This article first appeared in the St. Louis Beacon: Last week, Sen. Chuck Graham, D-Columbia, had a chance to achieve one of his top legislative priorities this session. The senator, who faces a tough re-election, was pushing for Missouri to rename Route WW as “Carl Edwards Drive.” Edwards grew up in Columbia and is now a star on the NASCAR racing circuit.
Graham’s bill, SB 1099, was called to the floor for perfection. Perfection is the most critical part of a bill’s journey to become law. Once a bill has been perfected, it can no longer be amended and often wins final passage.
The majority leader, Sen. Charlie Shields, R-St. Joe, spoke first, explaining to Graham that he would vote against it. He referred to the renaming of Highway 70 for Mark McGwire as evidence that it’s imprudent to honor folks until their legacy is final.
No problem for Graham. One vote. Votes aren’t the currency of the Senate.
Then Sen. Matt Bartle, R-Jackson, stood up and said that he recalled from a news clip that Edwards seemed to have a temper. Might this be another embarrassing renaming? He joined Shields in declaring he would also vote against it.
That, too, was okay for Graham. Two votes; no problem.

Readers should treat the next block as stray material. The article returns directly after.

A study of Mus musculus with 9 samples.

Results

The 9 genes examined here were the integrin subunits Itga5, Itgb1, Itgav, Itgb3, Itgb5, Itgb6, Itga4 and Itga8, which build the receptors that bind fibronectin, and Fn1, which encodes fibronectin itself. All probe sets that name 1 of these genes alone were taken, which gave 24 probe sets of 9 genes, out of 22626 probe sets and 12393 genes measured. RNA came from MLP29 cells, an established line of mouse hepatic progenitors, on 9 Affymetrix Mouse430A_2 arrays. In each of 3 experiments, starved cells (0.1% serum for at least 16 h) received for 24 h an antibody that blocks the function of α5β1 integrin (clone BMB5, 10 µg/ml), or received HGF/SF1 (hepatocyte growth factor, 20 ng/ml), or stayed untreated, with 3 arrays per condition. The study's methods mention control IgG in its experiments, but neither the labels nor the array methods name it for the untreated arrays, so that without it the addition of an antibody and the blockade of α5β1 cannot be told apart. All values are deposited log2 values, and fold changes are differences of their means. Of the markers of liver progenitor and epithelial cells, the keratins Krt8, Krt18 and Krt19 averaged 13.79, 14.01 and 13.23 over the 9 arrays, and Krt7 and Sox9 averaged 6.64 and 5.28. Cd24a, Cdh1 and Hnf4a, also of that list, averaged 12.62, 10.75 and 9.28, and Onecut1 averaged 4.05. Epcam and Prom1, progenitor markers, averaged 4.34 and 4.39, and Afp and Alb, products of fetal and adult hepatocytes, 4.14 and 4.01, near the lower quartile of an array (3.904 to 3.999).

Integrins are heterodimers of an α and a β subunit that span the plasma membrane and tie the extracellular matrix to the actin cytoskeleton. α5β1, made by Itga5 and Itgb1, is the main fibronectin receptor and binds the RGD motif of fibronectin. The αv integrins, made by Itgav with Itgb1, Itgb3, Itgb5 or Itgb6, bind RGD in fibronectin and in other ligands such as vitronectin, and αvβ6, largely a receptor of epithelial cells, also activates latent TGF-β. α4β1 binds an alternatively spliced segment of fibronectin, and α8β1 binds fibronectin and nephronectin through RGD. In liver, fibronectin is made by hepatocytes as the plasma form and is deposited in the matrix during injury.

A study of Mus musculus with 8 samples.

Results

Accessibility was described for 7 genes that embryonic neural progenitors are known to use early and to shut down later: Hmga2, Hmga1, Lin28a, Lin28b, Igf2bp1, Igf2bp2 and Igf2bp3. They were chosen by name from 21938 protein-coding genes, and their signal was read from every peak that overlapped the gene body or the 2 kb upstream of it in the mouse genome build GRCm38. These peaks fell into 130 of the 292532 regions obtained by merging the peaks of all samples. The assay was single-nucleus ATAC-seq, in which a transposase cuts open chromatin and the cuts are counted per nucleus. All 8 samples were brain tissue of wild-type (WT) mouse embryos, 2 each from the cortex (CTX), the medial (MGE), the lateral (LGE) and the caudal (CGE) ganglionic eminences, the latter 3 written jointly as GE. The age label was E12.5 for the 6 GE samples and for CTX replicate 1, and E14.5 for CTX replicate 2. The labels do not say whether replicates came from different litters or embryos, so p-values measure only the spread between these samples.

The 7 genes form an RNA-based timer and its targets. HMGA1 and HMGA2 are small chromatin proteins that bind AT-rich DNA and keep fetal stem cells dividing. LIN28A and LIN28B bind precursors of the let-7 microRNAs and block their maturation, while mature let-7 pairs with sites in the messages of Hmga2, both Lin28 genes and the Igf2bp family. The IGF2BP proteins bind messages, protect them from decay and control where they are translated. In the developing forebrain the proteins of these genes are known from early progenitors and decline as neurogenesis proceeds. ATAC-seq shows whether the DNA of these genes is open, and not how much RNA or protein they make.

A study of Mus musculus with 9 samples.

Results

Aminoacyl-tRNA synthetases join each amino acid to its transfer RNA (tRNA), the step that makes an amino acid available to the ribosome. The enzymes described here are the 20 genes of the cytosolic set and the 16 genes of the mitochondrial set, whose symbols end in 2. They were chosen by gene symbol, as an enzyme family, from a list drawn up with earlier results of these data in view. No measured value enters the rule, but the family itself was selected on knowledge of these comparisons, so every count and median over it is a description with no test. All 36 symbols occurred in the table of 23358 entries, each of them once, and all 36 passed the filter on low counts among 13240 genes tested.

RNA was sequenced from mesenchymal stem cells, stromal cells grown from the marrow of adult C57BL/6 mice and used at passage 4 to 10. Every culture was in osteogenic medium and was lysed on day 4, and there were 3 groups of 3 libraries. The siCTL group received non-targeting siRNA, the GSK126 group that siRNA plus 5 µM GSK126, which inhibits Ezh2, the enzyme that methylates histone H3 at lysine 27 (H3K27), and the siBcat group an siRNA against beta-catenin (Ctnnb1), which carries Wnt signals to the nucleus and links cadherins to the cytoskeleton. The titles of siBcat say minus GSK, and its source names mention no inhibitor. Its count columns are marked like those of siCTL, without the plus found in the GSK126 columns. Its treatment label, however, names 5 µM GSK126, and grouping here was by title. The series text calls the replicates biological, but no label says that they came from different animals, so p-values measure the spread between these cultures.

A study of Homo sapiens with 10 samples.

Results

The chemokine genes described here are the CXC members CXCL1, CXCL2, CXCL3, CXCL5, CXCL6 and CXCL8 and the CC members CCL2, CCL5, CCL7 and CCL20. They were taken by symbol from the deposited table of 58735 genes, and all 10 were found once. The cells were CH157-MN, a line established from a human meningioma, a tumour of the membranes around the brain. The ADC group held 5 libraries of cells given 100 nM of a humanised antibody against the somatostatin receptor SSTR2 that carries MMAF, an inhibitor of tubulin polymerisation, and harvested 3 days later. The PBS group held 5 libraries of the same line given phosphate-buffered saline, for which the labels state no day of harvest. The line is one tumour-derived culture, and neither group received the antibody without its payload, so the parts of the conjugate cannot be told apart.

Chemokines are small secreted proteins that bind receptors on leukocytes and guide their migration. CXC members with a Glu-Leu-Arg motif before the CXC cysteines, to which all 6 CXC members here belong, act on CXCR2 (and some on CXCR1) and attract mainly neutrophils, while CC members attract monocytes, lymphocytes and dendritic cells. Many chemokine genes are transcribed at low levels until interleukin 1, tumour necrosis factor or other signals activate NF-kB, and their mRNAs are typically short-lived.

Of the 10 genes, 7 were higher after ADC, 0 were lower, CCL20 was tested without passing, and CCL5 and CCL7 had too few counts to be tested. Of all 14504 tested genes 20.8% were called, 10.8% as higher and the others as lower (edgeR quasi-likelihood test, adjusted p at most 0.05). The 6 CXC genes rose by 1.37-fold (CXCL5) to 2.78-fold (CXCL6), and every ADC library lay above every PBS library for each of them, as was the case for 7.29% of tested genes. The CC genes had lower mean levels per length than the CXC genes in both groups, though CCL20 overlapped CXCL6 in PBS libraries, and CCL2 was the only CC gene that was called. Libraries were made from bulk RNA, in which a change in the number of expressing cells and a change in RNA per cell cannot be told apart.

Then Sen. John Loudon, R-St. Louis County, stood up. Loudon would be a problem. He didn’t simply state his objection and sit down; he started asking questions of Graham, and then he offered an amendment.
That’s a problem. Amendments take time. Amendments get debated. They get amended also, even their amendments get amended. Time, time, time. And time is the true currency of the Senate.
There’s about a month left in Missouri’s legislative session. Within that month, there are probably 100 hours of floor time left.
As the majority leader, Shields’ job is to keep the legislation flowing. As a result there’s a question mark that hangs over every bill: How much time will be devoted to it?
It’s a zero-sum game. While one bill is being debated, there are scores of other bills that are waiting. There isn’t enough time for them all. As a result when someone holds up a single bill, they are, in a real sense, holding up every bill.
Every day is precious between now and May 16 when the senate adjourns. So when a bill gets snagged (unless it’s a majority party priority), it is “laid over” and the senate moves on to another bill.
When Loudon stood up, Graham knew there’d be trouble. The two senators have warred over Loudon’s public policy object of passion: midwifery. Graham has staunchly sided with the doctors to prevent midwifery legal sanction.
Last week that war spilled over into Graham’s renaming efforts. Loudon won the battle as Graham’s bill was laid over and may not make it back to the floor this year.
Loudon’s amendment, by the way, proposed to change the name of Route WW to… Homebirth Highway.